Tuesday, August 9, 2011

Dinner With A Perfect Stranger by David Gregory

You are Invited to a Dinner with Jesus of Nazareth

The mysterious envelope arrives on Nick Cominsky’s desk amid a stack of credit card applications and business-related junk mail. Although his seventy-hour workweek has already eaten into his limited family time, Nick can’t pass up the opportunity to see what kind of plot his colleagues have hatched…

The normally confident, cynical Nick soon finds himself thrown off-balance, drawn into an intriguing conversation with a baffling man who comfortably discusses everything from world religions to the existence of heaven and hell. And this man who calls himself Jesus also seems to know a disturbing amount about Nick’s personal life.

My review:
This is a short book, coming in at just 100 pages, so it was one I easily read in one sitting, but it is the type of book that you don't want to put down. The plot is great - someone being invited to dinner with Jesus, and the author did a great job of painting a word picture of what kind of conversation might occur in that setting.

This book wasn't suspenseful in the way suspense/mystery books are, but it did keep me turning the pages to keep up with the conversation as fast as I could read. This is a very unique book. Enjoyable and entertaining, but it also makes the reader think. I would recommend it for anyone to read - the Christian who is firm in their walk, the struggling Christian, and the non-Christian.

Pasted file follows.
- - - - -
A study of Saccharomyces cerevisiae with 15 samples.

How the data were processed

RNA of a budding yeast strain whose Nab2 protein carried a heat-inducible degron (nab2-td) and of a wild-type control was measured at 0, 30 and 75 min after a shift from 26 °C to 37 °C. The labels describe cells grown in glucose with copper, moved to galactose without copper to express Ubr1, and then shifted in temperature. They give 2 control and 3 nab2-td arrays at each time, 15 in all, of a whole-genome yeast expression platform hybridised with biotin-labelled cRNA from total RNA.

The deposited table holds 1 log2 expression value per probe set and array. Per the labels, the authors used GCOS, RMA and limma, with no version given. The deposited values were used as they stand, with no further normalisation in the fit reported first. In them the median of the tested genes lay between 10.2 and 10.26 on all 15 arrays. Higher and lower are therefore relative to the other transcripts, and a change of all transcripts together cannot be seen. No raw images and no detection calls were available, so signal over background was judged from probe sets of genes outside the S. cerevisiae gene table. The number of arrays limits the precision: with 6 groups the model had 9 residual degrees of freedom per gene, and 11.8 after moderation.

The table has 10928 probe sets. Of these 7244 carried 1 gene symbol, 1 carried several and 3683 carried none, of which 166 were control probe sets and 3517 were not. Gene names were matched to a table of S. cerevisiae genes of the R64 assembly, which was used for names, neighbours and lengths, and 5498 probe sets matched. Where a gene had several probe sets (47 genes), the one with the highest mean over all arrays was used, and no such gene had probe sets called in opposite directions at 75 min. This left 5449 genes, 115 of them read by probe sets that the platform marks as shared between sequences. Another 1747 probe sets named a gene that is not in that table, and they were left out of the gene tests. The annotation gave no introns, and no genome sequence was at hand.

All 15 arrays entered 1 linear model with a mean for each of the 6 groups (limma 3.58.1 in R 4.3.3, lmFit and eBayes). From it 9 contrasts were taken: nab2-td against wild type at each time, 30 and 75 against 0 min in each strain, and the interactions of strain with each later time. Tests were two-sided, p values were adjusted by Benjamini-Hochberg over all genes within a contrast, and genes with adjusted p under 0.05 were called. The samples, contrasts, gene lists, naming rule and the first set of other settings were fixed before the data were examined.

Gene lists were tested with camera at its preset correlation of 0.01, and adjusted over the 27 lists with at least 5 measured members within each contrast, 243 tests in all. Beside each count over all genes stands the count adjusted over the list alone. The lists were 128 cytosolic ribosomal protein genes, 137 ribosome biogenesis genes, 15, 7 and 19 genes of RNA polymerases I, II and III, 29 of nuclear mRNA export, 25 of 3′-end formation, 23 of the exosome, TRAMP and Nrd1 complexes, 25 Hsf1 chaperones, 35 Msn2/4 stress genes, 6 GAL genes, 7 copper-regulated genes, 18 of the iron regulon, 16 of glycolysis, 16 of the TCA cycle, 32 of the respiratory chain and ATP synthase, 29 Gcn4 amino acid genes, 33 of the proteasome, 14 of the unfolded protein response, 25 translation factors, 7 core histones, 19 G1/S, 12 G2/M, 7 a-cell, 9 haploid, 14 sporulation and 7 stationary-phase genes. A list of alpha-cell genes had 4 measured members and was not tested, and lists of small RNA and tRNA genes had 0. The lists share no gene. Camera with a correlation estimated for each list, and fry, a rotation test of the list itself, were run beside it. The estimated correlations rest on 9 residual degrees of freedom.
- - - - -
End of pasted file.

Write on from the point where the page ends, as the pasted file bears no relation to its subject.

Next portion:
About the author:

DAVID GREGORY is the author of Dinner with a Perfect Stranger, A Day with a Perfect Stranger, The Next Level, The Last Christian, and the coauthor of the nonfiction The Rest of the Gospel. After a ten-year business career, he returned to school to study religion and communications, earning Master's degrees from Dallas Theological Seminary and the University of North Texas. A native of Texas, he now lives in the Pacific Northwest.

More about the book at http://www.dinnerwithaperfectstranger.com/

Dinner With a Perfect Stranger is available from Waterbrook/Multnomah Publishing.

Thanks to Waterbrook/Multnomah for the review copy.


Anonymous said...

I so want to read this one! I will have to check it out.